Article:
Homemade Barolo Chinato

Barolo Chinato is a spiced wine from the Italian region of Piemonte that was invented as a medicine in the late 19th century by pharmacist Giuseppe Cappellano in Turin. Commercial versions of Barolo Chinato are matured for over a year in oak barrels, but it is possible to make a very acceptable version at home. That is great, because Barolo Chinato is very good with chocolate and chocolate-based desserts, and it is quite hard to find outside of Italy. After maturation in the bottle only it is not the same as the commercial product, but a very acceptable substitute. It is very easy to make and only requires some patience (about a month).

Barolo Chinato is made by steeping spices in pure alcohol, which is then added to Barolo DOCG wine together with sugar. After that it is matured.  Barolo Chinato has 16-17% alcohol by volume and about 20% sugar. The only spice that is mandatory is china bark, which has given Barolo Chinato its name. Other ingredients used include elderflower, roasted cocoa beans, raisins, gentian root, rhubarb root, wormwood, cinnamon, coriander, cardamom seed, clove, ginger, orange rind, juniper, iris flowers, mint, vanilla, and bay leaf.

Barolo Chinato has a complex and spicy flavor with nice bitters. Barolo Chinato should be made with good Barolo DOCG, but it is possible to make something similar using any full-bodied red wine. Lidl had a limited-time offer of an acceptable Barolo DOCG (12 euros/US$ 16), and that is what I used.

The nice thing about making your own Barolo Chinato is that you can adjust the spices used and the sweetness to your own liking. For my first experiment, I used this recipe that I found on an Italian blog. Francesca Lopresti says that it is an old recipe from 1932, which she got from a Piemontese noblewoman. The only thing I changed is the addition of sugar, because I think it is an omission in the recipe.


For 4.5 bottles of 75 cl each

4 bottles (75 cl) of Barolo DOCG

300 ml (1 1/4 cup) of pure alcohol (95% by volume)

75 grams (about 1/2 cup) of china bark

25 grams (about 2 1/2 Tbsp) of raisins

25 grams (about 2 1/2 Tbsp) of roasted cocoa beans

3 grams (about 1 Tbsp) of dried elderflowers

600 grams (3 cups) of sugar


Put the china bark, raisins, roasted cocoa beans and elderflowers in a glass bottle.

Add the alcohol.

Shake to mix. Allow to macerate in a cool and dark place for 15 days. (You can shake the bottle every now and then for better flavor extraction.)

After the 15 days, filter the mixture with a cheese cloth.

Wait until all the liquid has dripped out.

Pour the wine into a large pot.

Add the spiced alcohol…

…and the sugar.

Stir until the sugar has dissolved completely.

Transfer the spiced wine to glass bottles using a funnel. You can use the bottles that the Barolo was in, but the sugar and alcohol will have increased the total amount to about half a bottle more. Close the bottles with corks, and allow to mature for at least 15 days before drinking.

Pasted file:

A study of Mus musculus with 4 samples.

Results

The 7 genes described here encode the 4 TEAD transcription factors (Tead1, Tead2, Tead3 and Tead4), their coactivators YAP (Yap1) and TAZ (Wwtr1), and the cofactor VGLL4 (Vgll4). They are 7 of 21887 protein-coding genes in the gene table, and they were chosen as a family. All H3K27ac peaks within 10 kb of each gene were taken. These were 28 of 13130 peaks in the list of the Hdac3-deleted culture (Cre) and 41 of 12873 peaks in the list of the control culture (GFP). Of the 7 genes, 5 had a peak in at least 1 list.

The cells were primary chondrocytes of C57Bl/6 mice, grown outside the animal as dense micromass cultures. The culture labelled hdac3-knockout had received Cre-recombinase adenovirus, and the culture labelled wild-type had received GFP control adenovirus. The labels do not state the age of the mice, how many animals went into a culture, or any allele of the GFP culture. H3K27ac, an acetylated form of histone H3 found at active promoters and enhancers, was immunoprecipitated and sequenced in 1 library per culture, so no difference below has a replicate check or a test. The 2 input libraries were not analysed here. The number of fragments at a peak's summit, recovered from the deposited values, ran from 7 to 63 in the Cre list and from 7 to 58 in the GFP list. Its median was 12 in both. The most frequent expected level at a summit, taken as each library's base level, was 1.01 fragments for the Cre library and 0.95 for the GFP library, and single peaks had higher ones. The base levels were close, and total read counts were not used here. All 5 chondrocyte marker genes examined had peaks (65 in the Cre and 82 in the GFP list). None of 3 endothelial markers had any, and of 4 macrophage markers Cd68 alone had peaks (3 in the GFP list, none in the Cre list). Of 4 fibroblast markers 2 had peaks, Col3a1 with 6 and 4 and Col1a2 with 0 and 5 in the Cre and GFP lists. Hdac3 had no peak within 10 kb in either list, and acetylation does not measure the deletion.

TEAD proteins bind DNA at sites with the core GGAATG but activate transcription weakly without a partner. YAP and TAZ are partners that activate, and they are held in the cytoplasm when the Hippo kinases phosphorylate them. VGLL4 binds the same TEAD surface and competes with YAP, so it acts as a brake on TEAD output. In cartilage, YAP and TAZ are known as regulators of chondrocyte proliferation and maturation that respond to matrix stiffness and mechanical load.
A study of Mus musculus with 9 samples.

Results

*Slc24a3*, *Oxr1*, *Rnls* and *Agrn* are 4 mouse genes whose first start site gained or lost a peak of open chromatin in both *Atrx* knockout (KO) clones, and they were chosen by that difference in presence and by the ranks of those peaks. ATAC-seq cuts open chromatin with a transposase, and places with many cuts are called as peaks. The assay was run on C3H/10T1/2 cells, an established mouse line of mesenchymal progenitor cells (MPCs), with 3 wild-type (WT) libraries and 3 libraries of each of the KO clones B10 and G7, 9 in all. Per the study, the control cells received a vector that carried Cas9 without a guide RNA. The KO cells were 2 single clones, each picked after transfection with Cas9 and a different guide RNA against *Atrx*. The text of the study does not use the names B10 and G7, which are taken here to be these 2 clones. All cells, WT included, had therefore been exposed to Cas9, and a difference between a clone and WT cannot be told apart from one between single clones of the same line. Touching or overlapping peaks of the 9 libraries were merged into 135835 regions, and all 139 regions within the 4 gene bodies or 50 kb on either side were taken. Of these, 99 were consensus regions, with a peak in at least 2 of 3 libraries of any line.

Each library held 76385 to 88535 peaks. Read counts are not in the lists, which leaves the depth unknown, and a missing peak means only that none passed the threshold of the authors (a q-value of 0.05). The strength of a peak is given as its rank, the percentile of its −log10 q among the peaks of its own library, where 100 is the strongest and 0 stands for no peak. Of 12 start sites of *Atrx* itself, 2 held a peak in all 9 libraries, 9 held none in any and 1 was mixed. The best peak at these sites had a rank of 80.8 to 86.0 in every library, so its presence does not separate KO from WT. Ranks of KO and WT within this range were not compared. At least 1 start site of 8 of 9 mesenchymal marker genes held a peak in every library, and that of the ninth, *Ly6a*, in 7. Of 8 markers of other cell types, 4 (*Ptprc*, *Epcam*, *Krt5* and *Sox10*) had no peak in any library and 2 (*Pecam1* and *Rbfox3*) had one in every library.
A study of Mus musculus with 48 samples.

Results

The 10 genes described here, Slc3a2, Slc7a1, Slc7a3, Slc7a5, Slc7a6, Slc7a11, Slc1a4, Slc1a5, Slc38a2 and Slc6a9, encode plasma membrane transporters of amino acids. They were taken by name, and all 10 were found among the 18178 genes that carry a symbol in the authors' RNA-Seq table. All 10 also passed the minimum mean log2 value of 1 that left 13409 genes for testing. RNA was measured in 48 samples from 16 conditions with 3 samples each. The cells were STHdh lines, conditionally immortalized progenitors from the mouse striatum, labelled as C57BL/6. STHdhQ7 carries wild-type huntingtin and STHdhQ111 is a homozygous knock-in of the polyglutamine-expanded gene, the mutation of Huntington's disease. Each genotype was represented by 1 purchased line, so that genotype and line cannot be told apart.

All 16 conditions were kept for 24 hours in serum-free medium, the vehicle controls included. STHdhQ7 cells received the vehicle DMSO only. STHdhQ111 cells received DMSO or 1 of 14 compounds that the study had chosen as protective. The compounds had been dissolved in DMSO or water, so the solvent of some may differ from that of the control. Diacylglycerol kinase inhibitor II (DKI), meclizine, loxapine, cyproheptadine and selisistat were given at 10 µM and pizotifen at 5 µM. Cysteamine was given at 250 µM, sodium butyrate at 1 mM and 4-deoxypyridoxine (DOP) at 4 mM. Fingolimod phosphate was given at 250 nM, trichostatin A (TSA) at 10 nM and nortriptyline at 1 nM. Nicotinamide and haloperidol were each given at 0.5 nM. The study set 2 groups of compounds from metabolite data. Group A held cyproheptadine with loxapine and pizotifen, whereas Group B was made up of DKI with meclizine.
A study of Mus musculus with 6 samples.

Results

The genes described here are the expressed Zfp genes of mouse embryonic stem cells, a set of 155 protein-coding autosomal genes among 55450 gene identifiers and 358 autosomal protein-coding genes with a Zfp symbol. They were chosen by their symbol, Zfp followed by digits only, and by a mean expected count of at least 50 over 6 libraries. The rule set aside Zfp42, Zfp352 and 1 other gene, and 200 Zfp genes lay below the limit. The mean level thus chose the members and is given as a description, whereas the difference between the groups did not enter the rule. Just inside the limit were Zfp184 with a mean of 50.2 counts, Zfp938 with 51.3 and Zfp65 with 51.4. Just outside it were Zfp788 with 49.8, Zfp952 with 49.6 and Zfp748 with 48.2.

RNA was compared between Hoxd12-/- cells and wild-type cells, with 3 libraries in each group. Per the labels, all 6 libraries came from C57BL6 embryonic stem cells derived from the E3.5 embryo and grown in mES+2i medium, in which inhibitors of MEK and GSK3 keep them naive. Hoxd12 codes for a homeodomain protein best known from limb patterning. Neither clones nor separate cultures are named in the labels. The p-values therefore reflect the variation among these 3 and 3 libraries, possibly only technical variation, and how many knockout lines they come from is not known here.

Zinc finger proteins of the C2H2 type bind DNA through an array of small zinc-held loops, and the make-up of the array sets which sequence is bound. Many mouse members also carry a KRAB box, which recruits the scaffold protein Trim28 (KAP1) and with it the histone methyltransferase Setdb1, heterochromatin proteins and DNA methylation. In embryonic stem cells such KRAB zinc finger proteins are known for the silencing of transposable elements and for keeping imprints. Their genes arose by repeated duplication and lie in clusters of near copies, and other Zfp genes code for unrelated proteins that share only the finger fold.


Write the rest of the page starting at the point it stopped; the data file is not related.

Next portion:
Serve between 18ºC/64ºF and 20ºC/68ºF by itself or paired with chocolate or a chocolate dessert. It is amazing with bunet, a traditional dessert from the same region.

27 thoughts on “Homemade Barolo Chinato

    1. It would work best with very dark chocolate sauce, if you add spices to the red wine poaching liquid, and do not add a lot of sugar. A passito may work better with the fruitiness of the pears, but this also depends on the fruitiness of the red wine you used to make the barolo chinato.


  1. Stefan – This reminds me a lot of a winter Glühwein recipe (but better!). My brother-in-law and his girlfriend live in Germany and their first date was at a outdoor winter festival one night with Glühwein. They are coming to the states for the winter holidays, and it would be so fun to make this for them. They would love it. Thank you for sharing! Best- Shanna


  2. How long will the Barolo Chinato keep? So, after the 15 days of maturation what is the shelf life? Thanks!


    1. I just tried the bottle that I made back in November, and it is still fine. So I think at least a year, but probably longer. The shelf life is longer because it is fortified.


        1. It is Brouwmarkt. I didn’t mention it because their site is in Dutch and they only deliver to the Netherlands and Belgium.
          How much do you need? I have a lot of it left that I’m not going to use.


          1. That makes sense! I’d be interested in a pound or less, or more if that makes the shipment worthwhile. I wonder how customs would treat it. 🙂


            1. Rachel,

              You can purchase cinchona bark from http://www.Amazon.com for approximately $35 a pound. I think, if I remember correctly, that it took about 2 weeks to get here. Hope this helps so you don’t have to order it in Dutch.